UN Resolution on Human Rights in Iran is Same Old Story

Don’t be fooled by the media’s coverage of the new draft resolution on Iran’s human rights situation that advanced yesterday.  While headlines suggested that the US and the international community were doing something serious on Iran, this resolution is not much different than the Iran resolution adopted by the UN last year.
In fact, the UN has been passing similar resolutions on Iran for the past 26 years.  The difference is that from 1985 to 2002, the resolutions established a UN mandate for a human rights monitor on Iran, which actually helped improve the situation there.  But in 2002 the mandate failed by one vote, and there has been no mechanism in place ever since.  With yesterday’s action—which sets up a vote for final passage in December, the UN continues to catalog human rights violations in Iran, but fails to take any concrete steps to actually address the problem.
The resolution did advance with a wide margin of 80 in favor to 44 against and 57 abstentions. This is an even greater margin than last year’s resolution, which came out only months after the June 12th Iranian elections and passed with a margin of 74 in favor to 48 against and 59 abstentions. The issue of Iranian human rights in Iran is just as prominent now as it was a year ago when millions of people across the globe watched the devastating human rights violations unroll during election aftermath. The increase in the vote margin should be seen as window of opportunity to take concrete steps that can offer protection to Iranian victims instead of merely condemning the abuses.
Regardless of the resolution’s weaknesses, we should also not be fooled by the Iranian government’s arguments against the measure. Iranian officials have once again avoided addressing the outrageous human rights abuses in its own country by accusing the United States of abuses and accusing the international community of using human rights to maneuver Iran in a direction towards “westernization”.
Mohammad Javad Larijani, Iran’s human rights representative at the UN and one of Khamenei’s right hand men, argued at the UN General Assembly that the resolution does nothing to contribute to the promotion of human rights and should therefore be discarded. But he wasn’t arguing for a stronger resolution that could do a better job of promoting human rights, he was arguing that the United States is “the mastermind and main provocateur behind a text that had nothing to do with human rights” and that they are using as a “politicization of human rights”.  But human rights do not belong to the United States or Iran, they are a universal value that must be respected.  As a signatory to numerous international treaties on human rights, Iran is bound to uphold these basic rights, and arguments of politicization fall short when human rights defenders like Nasrin Sotoudeh continue to languish in prison.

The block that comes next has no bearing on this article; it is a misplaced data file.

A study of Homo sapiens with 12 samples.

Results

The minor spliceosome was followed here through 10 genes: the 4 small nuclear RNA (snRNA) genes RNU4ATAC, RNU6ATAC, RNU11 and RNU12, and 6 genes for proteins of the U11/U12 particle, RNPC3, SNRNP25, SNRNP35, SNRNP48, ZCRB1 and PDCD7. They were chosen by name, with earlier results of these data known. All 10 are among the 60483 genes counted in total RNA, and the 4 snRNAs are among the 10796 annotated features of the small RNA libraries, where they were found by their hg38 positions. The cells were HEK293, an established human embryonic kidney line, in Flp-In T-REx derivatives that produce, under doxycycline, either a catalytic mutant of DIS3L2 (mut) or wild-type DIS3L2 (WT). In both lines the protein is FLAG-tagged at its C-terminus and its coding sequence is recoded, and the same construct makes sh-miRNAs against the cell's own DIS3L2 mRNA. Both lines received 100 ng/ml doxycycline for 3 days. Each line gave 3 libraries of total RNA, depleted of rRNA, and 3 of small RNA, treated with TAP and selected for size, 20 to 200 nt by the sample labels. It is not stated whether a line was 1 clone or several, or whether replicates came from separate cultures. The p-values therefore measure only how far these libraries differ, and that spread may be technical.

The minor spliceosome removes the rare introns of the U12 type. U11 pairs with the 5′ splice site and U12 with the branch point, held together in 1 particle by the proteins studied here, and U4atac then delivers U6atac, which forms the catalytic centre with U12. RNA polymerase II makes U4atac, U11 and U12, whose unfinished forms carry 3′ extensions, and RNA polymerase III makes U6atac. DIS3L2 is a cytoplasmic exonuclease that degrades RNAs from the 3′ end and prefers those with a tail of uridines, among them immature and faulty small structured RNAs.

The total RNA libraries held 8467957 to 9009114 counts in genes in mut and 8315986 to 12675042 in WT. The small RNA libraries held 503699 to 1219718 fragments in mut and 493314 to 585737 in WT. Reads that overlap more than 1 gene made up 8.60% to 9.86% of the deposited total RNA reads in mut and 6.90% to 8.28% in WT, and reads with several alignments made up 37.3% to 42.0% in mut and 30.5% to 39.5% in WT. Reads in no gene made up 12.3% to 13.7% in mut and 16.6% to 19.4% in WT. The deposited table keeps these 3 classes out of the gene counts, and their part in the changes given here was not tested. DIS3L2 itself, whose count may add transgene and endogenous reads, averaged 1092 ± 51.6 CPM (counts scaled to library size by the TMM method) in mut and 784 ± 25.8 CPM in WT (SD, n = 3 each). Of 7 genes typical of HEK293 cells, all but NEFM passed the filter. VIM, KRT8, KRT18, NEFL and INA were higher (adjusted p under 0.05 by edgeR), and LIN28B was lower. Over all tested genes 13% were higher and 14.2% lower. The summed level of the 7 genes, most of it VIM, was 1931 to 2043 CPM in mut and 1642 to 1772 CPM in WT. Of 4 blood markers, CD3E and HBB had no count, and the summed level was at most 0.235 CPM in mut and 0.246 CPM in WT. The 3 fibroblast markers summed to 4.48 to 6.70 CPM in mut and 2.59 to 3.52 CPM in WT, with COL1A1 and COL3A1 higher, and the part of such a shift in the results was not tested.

That being said, addressing Iranian human rights must stand on its own apart from other issues of concern, i.e. nuclear weapons, sanctions, Afghanistan, etc. The US Administration must know the implications of using human rights as front for addressing other important issues – namely Iran’s nuclear capability—and have generally been careful to avoid falling into such a trap.
In order to help stem Iran’s human rights violations, it is crucial for the US to engage the international community to address human rights as a strategic goal unto itself.  The Obama Administration must get serious and step up its efforts at the UN to seek an independent mechanism to monitor Iran’s human rights situation.  Mike Hammer, US National Security Council spokesperson, said that, “by adopting the resolution, the international community has sent an unequivocal message to the Iranian government that universal rights must be respected.” But this message has been conveyed repeatedly to no avail.   It’s time to get serious and pursue a concrete approach by establishing a human rights monitor.